Don Caballero is not a progressive rock band in the common sense of the word. There are no Moog solos, Roger Dean album covers or concept albums anywhere in their catalog. Yet with each album Don Caballero seem to be veering closer to truly progressive music -- music which steers completely clear of the retro tendencies and clichés so prevalent in new "progressive rock." Music which simply expands the previous boundaries of rock music. In that sense, Don Caballero is a progressive rock band.
This Pittsburgh band's long overdue third album takes their unique brand of ultra-complicated guitar-based indie rock to levels that even the most discriminating prog fan should enjoy. The most notable progressive rock connection may be found in elements of King Crimson's influence in the dissonant guitar chords, choppy rhythms and odd meters, and in the interlocking, almost pointilistic dual guitar melodies.
This album finds Don Caballero well on their way in evolving from an all-instrumental band that barely tried to hide their affinity for heavy metal riffs on their debut album, For Respect to an almost avant-garde guitar ensemble several years later. Most of the metal riffs are gone and we are now left with some very challenging instrumental music, which nearly defies description. Now, riffs, melodies and sometimes nothing more than abrasive guitar noise arise, transform and drop out of sight without warning. This is not instrumental Nirvana or Smashing Pumpkins. Nor is this prog metal shredding wankery. There are no solos and there is no posing. This is four guys stretching the boundaries of guitar rock to unusually left-field territory. If anyone in the band does shred, however, it's drummer Damon Che. He plays with a relentless fury and energy which would leave most drummers breathless after 20 minutes. If Don Caballero has a star player, it's him, and his drumming alone is worth the price of admission.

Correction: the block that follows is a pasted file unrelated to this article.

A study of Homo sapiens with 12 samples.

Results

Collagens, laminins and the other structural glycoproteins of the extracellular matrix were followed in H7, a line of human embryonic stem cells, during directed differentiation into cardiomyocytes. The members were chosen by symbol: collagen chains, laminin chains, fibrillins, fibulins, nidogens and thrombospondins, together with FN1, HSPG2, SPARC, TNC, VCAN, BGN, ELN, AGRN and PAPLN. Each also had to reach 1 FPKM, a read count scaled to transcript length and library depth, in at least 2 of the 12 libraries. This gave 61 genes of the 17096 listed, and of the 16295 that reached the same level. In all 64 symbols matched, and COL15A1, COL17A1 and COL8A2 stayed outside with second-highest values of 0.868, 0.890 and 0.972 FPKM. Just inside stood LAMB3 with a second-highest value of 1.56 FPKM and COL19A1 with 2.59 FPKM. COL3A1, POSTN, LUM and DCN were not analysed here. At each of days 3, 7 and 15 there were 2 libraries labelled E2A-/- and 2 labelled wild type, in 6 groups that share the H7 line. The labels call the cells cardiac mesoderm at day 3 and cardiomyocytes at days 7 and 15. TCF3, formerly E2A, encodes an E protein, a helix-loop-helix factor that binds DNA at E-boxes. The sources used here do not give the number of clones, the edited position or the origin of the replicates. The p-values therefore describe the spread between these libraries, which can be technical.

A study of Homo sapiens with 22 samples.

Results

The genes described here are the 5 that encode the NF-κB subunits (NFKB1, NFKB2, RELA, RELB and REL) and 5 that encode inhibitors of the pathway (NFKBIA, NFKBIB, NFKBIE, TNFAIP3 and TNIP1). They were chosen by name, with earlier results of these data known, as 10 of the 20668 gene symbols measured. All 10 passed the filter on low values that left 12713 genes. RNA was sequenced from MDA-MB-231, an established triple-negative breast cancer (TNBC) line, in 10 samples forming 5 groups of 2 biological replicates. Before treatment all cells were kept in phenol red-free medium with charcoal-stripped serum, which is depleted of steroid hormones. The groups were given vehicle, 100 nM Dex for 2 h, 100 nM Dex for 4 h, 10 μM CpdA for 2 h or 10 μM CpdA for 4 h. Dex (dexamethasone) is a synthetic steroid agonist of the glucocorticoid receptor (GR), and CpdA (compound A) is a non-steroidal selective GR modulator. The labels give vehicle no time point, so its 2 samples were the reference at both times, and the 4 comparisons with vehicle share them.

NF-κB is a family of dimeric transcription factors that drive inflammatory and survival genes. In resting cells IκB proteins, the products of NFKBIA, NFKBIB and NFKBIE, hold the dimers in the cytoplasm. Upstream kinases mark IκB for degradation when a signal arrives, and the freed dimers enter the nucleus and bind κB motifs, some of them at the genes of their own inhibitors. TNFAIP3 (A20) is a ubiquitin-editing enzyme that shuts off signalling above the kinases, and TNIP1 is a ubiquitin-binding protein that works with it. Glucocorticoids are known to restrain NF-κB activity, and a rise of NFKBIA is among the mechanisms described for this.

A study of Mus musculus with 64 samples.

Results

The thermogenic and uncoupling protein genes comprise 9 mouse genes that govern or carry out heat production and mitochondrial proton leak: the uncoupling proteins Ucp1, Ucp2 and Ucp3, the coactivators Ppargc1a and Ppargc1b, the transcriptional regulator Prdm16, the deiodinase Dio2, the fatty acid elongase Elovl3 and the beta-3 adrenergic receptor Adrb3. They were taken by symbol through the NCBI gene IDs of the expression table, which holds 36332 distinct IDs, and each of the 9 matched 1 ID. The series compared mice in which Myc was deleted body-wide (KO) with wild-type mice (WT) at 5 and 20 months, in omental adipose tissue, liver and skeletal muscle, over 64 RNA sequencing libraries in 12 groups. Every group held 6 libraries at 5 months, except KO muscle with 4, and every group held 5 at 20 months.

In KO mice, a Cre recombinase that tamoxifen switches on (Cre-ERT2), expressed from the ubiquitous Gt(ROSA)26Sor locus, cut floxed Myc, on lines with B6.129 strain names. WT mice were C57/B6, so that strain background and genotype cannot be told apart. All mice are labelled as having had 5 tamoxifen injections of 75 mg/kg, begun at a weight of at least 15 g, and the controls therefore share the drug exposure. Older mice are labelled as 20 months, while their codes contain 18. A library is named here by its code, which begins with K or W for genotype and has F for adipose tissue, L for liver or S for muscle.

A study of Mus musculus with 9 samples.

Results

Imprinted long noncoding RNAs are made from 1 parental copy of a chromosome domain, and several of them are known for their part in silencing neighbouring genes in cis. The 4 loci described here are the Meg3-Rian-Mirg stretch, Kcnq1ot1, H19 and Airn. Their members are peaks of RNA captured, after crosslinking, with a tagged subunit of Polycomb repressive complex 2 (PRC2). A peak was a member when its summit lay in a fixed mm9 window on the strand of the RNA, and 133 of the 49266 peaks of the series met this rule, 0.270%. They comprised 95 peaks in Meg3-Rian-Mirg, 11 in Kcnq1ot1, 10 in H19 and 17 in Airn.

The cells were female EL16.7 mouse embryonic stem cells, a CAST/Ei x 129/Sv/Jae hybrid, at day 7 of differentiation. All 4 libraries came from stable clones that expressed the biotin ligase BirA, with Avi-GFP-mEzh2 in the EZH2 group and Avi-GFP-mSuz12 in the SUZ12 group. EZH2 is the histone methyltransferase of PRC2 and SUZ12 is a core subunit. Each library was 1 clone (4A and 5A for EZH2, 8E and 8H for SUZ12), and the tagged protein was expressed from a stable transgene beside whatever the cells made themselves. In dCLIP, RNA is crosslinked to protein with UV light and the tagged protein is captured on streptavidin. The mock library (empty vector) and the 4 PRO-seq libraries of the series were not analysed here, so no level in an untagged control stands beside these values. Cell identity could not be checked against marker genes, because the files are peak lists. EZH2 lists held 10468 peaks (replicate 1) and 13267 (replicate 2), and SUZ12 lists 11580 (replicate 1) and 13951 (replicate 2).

Most of the oddly titled instrumental tracks on this album are in the five-minute range, but a couple approach 10 minutes and allow quite a bit of room for music ideas to develop fully. My favorite track on this album is "In the Absence of Strong Evidence to the Contrary, One May Step Out of the Way of the Charging Bull." Both guitarists play almost all of this piece by finger tapping chords and notes in a manner not unlike a stick player would. I saw these guys in concert recently and was amazed when I saw them do this. I found it hard to distinguish one part from another and wondered how guitarists Mike Banfield and Ian Williams managed to stay in time with each other while playing such an intricate swirl of rhythmic parts. This is something the band ought to explore further.
The one complaint about this band that I have heard before and must confess myself is that they do tend to be a little repetitive at times. Themes and melodies appear only once per track as a rule, but sometimes these themes can go on a little too long before the band drops them and moves on. This is only a minor distraction, however.
While I do not like this album as much as their fantastic second album, Don Caballero 2, I do think it is this album which could ultimately be responsible for turning the heads of progressive and avant-garde music enthusiasts in Don Caballero's direction.